First-on-Long Island Action will Prohibit Suffolk County from Disclosing Personal Contact Information for Public Employees to Protect Against Union-Busting Tactics.
Suffolk County, NY - July 10, 2018 - Suffolk County Executive Steve Bellone today signed an Executive Order to safeguard union members from harassment and intimidation, marking the first municipal action taken on Long Island in response to the U.S. Supreme Court decision in Janus v. AFSCME. Similar to action taken at the State level, the Executive Order will prohibit County entities from disclosing personal information for county employees amid widespread reports of individuals and organizations harassing union members or prospective union members.
“Day in and day out, Washington continues to put policies in place that hurt the hard working middle class families, not only in Suffolk County, but across the nation,” said Suffolk County Executive Bellone. “In Suffolk County, we are taking decisive action. This Executive Order sends a clear message, we will do whatever it takes to protect our workers and fight back against the attacks to weaken our unions.”
The Executive Order, which prohibits the County from disclosing personal contact information of a public employee -- such as a telephone number, cell phone, home address, or a personal e-mail address, takes effect immediately. In addition to protecting personal information from anti-union campaigns, the Executive Order also requires the County to notify the relevant union within 30 days of a new employee being hired, rehired or promoted into a bargaining unit represented by that union. As part of the notification, the County will provide the union with the employee's name, address, and work location.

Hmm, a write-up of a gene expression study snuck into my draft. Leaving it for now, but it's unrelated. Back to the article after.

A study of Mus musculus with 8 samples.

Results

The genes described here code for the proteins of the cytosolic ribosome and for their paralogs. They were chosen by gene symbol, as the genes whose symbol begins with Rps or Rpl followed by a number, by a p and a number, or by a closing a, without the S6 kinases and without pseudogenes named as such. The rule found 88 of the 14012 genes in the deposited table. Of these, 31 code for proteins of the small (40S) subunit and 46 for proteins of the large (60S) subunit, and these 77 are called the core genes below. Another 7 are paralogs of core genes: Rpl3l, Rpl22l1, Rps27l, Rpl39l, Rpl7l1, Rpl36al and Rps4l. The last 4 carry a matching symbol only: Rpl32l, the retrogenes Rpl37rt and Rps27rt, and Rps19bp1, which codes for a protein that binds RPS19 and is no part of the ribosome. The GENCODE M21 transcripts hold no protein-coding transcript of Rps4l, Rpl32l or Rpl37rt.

This Executive Order will protect approximately 8,500 public sector employees in Suffolk County. The unions protected include the Suffolk Association of Municipal Employees, the Suffolk County Correction Officers Association, the Suffolk County Deputy Sheriffs PBA, the Suffolk County Superior Officers Association, the Suffolk County Probations Officers PBA, the Suffolk County Detectives Association, the Suffolk County Detectives Investigators PBA, and the Suffolk County PBA.
Last month in a 5-to-4 vote, the U.S Supreme Court ruled that government workers who choose not to join unions may not be required to help pay for collective bargaining. The Supreme Court decision reverses over 40 years of precedent, ensuring that public-sector employees around the nation will no longer have to pay fees or dues to unions to cover the costs of collective bargaining even though they themselves benefit from those efforts. The decision will negatively impact the bargaining position of labor unions and undermine the health and safety protections in place for workers. In New York State alone, this decision affects over one million workers. Experts have also predicted that the decision could lead to the reduction of union membership.
In April, Governor Andrew M. Cuomo signed legislation into place to protect union membership in New York's public-sector workplaces in anticipation of an adverse ruling in the Supreme Court case. Subsequently, after the ruling, Governor Cuomo signed an Executive Order into place that protects the personal information of New York State public sector employees and their union representation. Labor Unions in New York State and across the Country seek to protect the health and wellness of workers by achieving significant health and safety protections in the workplace, in addition to financial and humanitarian benefits for workers and protecting against employer abuse.